What those patients can’t now do — thanks to a vague, overly broad and confusing rule interpretation recently announced by the state Department of Health and Senior Services — is access complete information related to the manufacture, quality, safety, contents, application and pricing of medical cannabis products in Missouri.

The department’s ban on “promotional events” may be rooted in the best of intentions, but its prohibition on “any activity, advertisement or publicity designed to increase interest in purchasing medical marijuana or a particular product or brand” is an unduly restrictive burden.

Many medical cannabis patients, including those we both treat at our St. Louis practices, as well as across the state, are on fixed incomes. It’s imperative that they know which dispensaries carry their preferred products and how much those products cost so that they can locate, budget and shop accordingly. Dispensaries offer promotional pricing to help patients afford their medicine and use these opportunities to educate and inform patients.

Such “sales” or “promotions” are no different than any other retailer reducing prices on items to help customers get the best value from their purchasing dollars. All retailers routinely use product discounts or specials to introduce new products to the market and to educate consumers about their products.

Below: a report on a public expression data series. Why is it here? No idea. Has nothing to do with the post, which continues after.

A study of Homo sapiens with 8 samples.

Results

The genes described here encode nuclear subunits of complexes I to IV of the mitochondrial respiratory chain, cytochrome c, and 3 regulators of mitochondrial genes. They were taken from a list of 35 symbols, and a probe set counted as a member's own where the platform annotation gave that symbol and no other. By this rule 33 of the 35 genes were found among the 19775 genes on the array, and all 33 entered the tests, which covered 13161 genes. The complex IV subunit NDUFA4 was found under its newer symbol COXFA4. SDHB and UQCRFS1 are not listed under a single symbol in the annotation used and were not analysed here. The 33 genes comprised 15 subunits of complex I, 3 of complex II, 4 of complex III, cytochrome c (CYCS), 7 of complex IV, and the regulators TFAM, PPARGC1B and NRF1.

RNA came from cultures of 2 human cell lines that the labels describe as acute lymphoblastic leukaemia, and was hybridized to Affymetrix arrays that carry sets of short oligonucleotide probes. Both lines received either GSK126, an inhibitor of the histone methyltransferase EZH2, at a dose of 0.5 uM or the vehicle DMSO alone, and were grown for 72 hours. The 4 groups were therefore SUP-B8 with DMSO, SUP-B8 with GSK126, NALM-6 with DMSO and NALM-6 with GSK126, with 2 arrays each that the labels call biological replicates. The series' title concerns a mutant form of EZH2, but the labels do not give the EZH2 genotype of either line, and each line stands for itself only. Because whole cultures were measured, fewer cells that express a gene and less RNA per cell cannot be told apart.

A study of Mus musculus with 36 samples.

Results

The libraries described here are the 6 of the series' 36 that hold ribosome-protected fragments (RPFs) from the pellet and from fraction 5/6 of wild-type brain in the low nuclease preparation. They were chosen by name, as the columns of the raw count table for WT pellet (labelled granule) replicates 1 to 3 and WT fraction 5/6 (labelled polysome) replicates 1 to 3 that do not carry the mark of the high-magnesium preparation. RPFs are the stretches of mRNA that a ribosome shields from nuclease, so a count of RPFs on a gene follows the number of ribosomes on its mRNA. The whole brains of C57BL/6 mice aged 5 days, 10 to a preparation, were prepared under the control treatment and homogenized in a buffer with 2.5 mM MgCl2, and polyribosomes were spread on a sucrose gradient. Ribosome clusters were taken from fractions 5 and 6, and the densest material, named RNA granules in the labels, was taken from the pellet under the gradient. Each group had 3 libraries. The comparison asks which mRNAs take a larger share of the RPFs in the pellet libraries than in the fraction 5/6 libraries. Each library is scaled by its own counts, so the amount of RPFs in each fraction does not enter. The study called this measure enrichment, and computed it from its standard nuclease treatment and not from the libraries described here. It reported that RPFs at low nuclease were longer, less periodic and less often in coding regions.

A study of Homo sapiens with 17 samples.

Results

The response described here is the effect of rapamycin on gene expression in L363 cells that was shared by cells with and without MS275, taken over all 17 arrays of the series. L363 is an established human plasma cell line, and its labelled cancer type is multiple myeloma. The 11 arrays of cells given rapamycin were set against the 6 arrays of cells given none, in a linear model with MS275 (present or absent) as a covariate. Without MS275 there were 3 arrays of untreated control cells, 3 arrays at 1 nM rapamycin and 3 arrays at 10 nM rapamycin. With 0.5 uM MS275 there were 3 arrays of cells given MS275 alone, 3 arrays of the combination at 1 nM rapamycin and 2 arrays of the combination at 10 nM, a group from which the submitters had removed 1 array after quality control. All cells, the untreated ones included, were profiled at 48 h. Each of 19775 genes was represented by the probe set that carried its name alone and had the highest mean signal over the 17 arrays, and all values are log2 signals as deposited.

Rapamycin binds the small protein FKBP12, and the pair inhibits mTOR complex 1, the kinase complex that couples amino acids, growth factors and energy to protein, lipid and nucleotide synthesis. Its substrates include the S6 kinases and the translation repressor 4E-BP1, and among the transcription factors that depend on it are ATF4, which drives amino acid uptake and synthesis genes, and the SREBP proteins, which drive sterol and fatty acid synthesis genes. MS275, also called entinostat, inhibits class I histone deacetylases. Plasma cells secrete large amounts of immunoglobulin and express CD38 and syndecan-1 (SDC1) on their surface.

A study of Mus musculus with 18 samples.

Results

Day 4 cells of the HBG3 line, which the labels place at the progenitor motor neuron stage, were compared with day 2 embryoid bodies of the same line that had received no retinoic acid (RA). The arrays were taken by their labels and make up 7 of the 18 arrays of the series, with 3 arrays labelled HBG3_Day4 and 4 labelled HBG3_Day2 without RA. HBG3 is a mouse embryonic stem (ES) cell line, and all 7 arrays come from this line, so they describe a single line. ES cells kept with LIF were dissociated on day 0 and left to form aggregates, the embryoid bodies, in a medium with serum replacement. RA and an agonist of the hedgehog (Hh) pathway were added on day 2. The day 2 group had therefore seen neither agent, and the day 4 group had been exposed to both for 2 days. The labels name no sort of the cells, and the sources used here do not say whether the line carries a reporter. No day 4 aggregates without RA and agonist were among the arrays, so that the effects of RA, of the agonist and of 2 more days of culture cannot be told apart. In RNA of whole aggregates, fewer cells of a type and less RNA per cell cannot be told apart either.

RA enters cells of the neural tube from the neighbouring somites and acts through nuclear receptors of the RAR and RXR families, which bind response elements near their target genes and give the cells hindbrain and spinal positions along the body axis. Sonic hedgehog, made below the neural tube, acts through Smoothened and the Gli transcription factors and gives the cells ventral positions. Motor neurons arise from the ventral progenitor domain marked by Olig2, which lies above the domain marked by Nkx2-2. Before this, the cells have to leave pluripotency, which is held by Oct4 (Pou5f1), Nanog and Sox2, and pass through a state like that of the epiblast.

State regulators routinely refer to the importance of patient education in an arena in which many program participants may still be unfamiliar. The ability to discuss the direct-to-patient benefits allowed by dispensary education events cannot be realized if these patients are unaware of the cannabis retail outlet’s available pricing programs and products.

As the state program’s front-line representatives, dispensaries share the responsibility of ensuring that their customers abide by the appropriate and responsible procurement and use of medical cannabis — and to both discourage and disincentivize patient participation in the illegal market. This should not be seen as a promotion, but rather an obligation, a continued commitment to Missouri patients under a state constitutional amendment approved by nearly two-thirds of voters in 2018.